There was loads of technical jargon, with Greisen explaining how life in the middle of the Giants defense was unlike his assignments playing as an outside linebacker. He went on and on and eventually it sounded as if there were so many changes he wasn't even playing the same sport any more.
And then he paused, smiled, and finally identified a similarity between the two positions.
"But really, a linebacker is a linebacker and football is football,'' Greisen said. "It's going and making the plays, hitting people and tackling.''
With that, Greisen defined his existence with the Giants. Making plays, hitting people and tackling, which is a fairly accurate portrayal of a linebacker's role.
The role Greisen was asked to play changed dramatically in the first quarter of the Giants' 26-23 overtime victory in Philadelphia. That is when Pierce went down with a high right ankle sprain that forced him out of that game and landed him on the sideline, his right foot placed in a protective cast. High ankle sprains are painful injuries that often linger and suddenly, the team's leading tackler, the player who called the defensive signals, provided intense emotional energy and Pro Bowl-level performances was in danger of missing the remainder of the regular season.
No one could soft-pedal the loss but at least the Giants felt fortunate that they had Greisen, once a valued backup, this season a starter on the weak side and for almost all of his formative years a true middle linebacker, to step in and try to fill the enormous shoes Pierce left behind.
"You can't change the way you're going to play,'' Greisen said. "Everyone kind of says you got to step it up but at the same time you got to play your game. If you try to do above and beyond what you're capable of you're only going to make it worse for yourself.''
When Pierce went down at Lincoln Financial Field, Greisen moved from weak side linebacker into the middle, with Carlos Emmons
shifting from strong to weak side and Reggie Torbor
coming off the bench to fill the spot Emmons vacated. That's the way the Giants may line up the rest of the season and possibly into the playoffs, if Pierce cannot return by then.
"Of course it doesn't make us a better team for him to be out,'' Michael Strahan
"As far as the knowledge and preparation goes we'll be in good shape, but when you're talking about replacing Antonio Pierce
, I mean, it's hard to do,'' safety Brent Alexander
added. "He's got a lot to say when he's on the field, he's very emotional, he's into the game, brings a lot of energy. He's a great football player. It's definitely a big blow to this defense.''
What the Giants lose without Pierce is both tangible and intangible. Greisen admiringly calls him "kind of a bad-ass,'' which in middle linebacker terms should be taken as a compliment.
"You have a guy that has played in the middle, who has played very, very well and been a part of the personality on that side of the ball,'' Tom Coughlin said, "and he is no longer part of it. You are going to miss him. Fortunately we have guys that can go in and play and perform, and they have to.''
That's the burden placed on Greisen, 26, who grew up playing middle linebacker, starred at that spot at Wisconsin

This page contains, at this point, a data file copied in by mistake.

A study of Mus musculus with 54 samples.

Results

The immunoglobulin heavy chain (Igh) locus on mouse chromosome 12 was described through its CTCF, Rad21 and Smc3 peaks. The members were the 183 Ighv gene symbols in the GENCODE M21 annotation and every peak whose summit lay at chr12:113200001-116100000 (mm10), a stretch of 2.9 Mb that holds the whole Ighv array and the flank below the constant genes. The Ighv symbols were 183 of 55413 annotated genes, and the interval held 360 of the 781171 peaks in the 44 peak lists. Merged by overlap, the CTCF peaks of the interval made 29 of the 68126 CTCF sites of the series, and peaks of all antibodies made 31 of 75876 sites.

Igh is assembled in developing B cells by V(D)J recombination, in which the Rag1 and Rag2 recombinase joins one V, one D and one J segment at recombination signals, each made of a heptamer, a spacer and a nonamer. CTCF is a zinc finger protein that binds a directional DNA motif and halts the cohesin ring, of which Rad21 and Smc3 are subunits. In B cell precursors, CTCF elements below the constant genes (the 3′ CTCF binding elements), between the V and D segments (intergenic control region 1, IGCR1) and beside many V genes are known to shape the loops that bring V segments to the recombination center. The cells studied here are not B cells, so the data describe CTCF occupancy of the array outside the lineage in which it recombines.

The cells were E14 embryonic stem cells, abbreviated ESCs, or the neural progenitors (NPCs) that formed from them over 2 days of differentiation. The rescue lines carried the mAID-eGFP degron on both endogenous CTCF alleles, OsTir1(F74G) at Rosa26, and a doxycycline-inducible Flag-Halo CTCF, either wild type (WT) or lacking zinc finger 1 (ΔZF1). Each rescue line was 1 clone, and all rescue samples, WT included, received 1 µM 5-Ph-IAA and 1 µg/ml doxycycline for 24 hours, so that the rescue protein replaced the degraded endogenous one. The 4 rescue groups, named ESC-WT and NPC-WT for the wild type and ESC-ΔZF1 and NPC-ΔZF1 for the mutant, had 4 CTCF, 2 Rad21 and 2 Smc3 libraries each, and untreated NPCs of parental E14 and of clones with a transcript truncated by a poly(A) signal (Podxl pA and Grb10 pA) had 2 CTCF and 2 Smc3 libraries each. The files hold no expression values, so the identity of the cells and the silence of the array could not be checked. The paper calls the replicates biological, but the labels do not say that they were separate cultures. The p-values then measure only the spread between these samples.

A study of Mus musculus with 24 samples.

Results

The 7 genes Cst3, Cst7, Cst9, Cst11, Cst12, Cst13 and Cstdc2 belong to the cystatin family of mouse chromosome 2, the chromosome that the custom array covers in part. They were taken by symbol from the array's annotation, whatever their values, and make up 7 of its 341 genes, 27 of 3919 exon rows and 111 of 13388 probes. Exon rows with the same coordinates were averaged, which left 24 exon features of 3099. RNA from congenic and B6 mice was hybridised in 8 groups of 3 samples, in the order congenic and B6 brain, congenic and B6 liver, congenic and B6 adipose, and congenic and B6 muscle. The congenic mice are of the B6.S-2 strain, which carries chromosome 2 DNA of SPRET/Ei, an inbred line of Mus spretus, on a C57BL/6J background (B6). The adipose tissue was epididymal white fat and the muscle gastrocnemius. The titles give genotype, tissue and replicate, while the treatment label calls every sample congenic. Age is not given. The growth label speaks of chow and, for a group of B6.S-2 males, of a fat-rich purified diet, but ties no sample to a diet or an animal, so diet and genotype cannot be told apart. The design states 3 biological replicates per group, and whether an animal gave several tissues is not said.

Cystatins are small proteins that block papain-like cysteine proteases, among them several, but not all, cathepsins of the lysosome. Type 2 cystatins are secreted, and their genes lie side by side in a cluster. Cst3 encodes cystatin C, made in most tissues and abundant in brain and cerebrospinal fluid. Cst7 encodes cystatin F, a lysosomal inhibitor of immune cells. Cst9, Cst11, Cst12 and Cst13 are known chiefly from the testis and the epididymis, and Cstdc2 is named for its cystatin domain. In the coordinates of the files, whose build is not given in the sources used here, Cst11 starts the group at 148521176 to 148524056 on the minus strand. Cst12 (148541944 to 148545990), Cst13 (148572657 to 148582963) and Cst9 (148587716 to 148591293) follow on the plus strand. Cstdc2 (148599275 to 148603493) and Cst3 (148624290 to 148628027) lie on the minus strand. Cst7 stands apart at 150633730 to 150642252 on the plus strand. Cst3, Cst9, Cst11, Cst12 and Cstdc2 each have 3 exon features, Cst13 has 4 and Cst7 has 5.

but has played there sparingly with the Giants. He started one game at middle linebacker as a rookie in 2002. While this is not completely foreign to Greisen, it is a whole new world in the middle. He must check with the sideline to get the defensive call, then relay it to his teammates in the huddle. The gaps he must plug are different. There will be more offensive linemen in his face, less room to run free. Pass coverage routes are different.
"I have to be the leader out there, the one guys are looking to for the information so we can stop this team,'' Greisen said. "I have to be cool and calm, I can't get all flustered, because if I get flustered when the offense is coming out of the huddle and I'm still getting the signal then guys are going to feel that. Guys need to feel calm and relaxed out there.''
Known as an incredibly instinctive and well-prepared player, one of Pierce's great strengths was recognizing what the opposing offense was attempting and making the proper defensive calls. The signal is relayed to the middle linebacker from the sideline and then it's the middle linebacker's job to alert his teammates.
"He's the mediator between the secondary and the defensive line, making sure everything's on the same page,'' Alexander said.
Greisen anticipated adding that responsibility would not be extremely difficult for him. "I'd always look to make sure the signals were coming in right anyway, making sure Antonio was communicating right to the team,'' he said.
After starting only eight games in his first three seasons with the Giants, Greisen in year No. 4 has emerged as a key cog in the defense. The timing is just right for him. Greisen will be an unrestricted free agent after this season. The Giants for years did not consider him the answer as a full-time starter but he has played well when given the chance this season. No player could ask for a greater opportunity.
"I relish the chance in the fact I need to step up as a leader,'' Greisen said. "I need to show I can be in a leadership role and hopefully lead this team and this defense to the playoffs.''
The list was long and somewhat daunting. Nick Greisen was taking the time to identify all the differences he was set to confront moving from his position at weak side linebacker into the gaping void in the middle created by the loss of Antonio Pierce.